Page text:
By REBECCA WEBSTER
Recorder News Staff
The results of an efficiency study on local and county highway services are in for Montgomery County.
At Tuesday's General Services Committee meeting for the Montgomery County Board of Supervisors, Doug Greene, senior planner for the Department of Economic Development and Planning, filled supervisors in on the study.
"A consultant was hired to look at ways to look for better efficiencies and look for better coordination perhaps between the county department of highways and all the local town, village and city highway superintendents," Greene explained.
A steering committee, made up of county supervisors as well as local highway superintendents, worked with consultant Michael Hattery to follow the procedure to gather info on the existing conditions.
All 21 municipal highway superintendents were interviewed by the steering committee.
"After the inventory, information was gather from all the superintendents, and we started putting together the initial mapping and then there was the first step of alternative reports put together that started to put together some possible courses of action," Greene said.
He showed the map to the supervisors showing county, local, and state roadways.
The report consists of a section on existing conditions of facilities, infrastructure, equipment, personnel and cooperative efforts; an alternatives report talking about a series of possible actions to address the situations noted in the existing conditions section; as well as an implementation report.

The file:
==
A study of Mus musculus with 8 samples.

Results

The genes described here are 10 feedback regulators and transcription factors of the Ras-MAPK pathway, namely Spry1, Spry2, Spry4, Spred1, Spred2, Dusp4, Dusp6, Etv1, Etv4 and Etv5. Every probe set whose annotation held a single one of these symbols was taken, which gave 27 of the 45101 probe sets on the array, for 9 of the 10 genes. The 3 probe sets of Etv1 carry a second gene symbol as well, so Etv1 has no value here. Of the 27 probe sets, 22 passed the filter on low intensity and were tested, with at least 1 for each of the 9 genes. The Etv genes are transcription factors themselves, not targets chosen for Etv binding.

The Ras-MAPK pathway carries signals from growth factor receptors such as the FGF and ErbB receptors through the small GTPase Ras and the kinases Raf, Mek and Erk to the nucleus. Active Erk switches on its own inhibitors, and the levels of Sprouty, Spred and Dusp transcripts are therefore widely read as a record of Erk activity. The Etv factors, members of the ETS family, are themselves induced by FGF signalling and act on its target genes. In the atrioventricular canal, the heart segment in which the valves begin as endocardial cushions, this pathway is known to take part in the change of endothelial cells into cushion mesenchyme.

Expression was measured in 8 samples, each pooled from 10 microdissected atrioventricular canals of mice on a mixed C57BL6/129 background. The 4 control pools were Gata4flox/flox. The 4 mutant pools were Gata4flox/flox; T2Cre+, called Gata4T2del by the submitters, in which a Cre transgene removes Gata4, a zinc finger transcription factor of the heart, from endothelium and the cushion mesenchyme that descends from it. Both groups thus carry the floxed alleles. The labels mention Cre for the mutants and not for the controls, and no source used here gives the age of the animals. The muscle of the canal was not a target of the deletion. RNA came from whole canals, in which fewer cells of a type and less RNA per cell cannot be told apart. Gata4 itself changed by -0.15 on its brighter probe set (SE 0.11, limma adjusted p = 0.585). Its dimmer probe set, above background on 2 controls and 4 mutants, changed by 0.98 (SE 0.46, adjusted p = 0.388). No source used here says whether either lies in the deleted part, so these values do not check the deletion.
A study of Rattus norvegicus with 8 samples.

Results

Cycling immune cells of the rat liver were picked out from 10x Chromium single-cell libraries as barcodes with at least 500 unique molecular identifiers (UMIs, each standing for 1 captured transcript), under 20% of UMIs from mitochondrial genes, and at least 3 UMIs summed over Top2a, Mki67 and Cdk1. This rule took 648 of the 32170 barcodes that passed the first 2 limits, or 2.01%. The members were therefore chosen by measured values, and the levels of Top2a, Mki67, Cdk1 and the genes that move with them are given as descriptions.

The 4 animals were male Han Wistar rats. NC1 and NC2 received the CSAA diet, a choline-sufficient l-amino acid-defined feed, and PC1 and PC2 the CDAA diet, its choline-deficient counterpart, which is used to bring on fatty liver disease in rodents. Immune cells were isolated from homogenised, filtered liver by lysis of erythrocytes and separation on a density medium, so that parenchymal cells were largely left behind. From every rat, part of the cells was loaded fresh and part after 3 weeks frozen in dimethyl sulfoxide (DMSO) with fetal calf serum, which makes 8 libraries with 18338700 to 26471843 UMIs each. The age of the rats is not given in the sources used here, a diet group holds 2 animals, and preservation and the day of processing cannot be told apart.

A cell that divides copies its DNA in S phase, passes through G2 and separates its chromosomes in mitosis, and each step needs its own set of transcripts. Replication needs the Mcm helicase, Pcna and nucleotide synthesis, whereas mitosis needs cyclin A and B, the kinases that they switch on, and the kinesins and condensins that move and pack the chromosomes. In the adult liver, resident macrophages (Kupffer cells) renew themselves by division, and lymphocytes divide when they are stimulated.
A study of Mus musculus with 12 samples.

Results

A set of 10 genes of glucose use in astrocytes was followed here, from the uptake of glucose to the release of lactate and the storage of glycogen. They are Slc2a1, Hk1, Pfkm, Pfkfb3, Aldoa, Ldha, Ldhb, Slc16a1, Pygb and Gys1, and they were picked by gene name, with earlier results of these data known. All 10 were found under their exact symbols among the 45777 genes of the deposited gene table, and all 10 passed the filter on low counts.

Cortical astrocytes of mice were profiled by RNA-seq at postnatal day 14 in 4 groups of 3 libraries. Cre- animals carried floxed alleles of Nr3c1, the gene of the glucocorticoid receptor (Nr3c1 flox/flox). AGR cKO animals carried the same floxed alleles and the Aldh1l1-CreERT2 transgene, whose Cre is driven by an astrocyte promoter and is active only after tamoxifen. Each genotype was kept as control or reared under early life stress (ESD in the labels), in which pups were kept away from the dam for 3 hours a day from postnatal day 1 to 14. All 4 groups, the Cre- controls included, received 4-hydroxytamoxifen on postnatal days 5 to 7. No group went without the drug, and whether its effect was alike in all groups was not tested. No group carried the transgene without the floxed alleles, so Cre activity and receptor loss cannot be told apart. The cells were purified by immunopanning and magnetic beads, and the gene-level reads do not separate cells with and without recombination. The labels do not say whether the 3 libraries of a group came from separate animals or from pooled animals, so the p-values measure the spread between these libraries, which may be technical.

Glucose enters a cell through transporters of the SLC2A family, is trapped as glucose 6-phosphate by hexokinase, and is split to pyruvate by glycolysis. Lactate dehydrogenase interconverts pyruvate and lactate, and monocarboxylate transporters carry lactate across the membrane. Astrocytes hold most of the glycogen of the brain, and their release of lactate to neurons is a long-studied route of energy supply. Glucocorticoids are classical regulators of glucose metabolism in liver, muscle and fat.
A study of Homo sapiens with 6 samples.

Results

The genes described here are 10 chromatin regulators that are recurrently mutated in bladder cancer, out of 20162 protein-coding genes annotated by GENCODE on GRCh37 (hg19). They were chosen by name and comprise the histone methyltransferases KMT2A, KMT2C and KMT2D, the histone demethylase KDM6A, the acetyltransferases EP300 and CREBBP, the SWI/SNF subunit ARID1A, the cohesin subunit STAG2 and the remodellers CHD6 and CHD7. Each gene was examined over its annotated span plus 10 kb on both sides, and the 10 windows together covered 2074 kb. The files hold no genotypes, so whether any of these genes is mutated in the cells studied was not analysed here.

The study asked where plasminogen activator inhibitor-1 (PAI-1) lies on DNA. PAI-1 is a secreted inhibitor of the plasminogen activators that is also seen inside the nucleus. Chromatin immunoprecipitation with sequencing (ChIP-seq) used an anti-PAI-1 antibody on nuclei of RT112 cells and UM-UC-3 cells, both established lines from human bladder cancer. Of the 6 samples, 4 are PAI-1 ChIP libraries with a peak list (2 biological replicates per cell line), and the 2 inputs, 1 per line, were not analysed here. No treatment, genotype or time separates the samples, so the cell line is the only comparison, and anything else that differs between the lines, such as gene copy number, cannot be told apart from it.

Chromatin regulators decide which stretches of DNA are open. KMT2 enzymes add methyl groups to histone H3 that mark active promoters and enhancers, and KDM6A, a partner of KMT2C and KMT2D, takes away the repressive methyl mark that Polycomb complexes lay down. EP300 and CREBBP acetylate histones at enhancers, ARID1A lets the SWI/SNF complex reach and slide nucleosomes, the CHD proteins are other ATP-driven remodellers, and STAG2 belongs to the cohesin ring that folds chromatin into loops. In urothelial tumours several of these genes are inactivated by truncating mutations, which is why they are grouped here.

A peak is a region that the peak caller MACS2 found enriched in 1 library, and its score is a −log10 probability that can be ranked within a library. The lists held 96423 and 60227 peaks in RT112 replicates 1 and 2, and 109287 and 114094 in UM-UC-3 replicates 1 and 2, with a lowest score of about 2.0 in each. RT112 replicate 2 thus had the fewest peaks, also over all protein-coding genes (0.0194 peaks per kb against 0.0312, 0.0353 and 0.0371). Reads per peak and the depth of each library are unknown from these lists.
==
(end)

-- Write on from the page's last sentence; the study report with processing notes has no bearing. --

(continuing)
Throughout the process, the most significant "revelation" was the fact that about 57 percent of the roads in the county are county roads, a number that, Greene said, ends up being one of the highest county percentages in the state.
Recommendations were made in nearly every town to take the county roads and move them to the towns and local municipalities; however, the recommendation was deemed to not be feasible.
Greene said the reason for that was that it was neither practical nor economical as revenue would be lost and the Consolidated Local Street and Highway Improvement Program, or CHIPS, money would be reduced for the county.
It was also recommended that perhaps over time there could be a way to gradually move the roads back over to the towns, he said.
The last part of the study included four major implementation sections.
According to the report document, the first piece involves creating a Montgomery County Infrastructure Coordination Council, that would help communities in the county to work together to "maximize infrastructure investments."
The report details that the council would be two-tiered, the first consisting of an executive committee of municipal members, "selected by all participating public organizations," and a second tier that would include representatives from across the municipalities and "relevant public organizations." The point is to increase coordination, Greene said.
"Especially when you consider that the new legislature, the new county government next year, will also include a capital improvement program. And that's going to be really important as you look ahead to the four- and five-year horizon for future capital projects," he said. "Coordination at that level is going to be really important so we're not duplicating or missing opportunities to work together."
The report also details recommendations to put together better record-keeping, specific long-term projects, and better inventory and sign management.
The full results of the study will be placed on the county's website, along with the series of maps.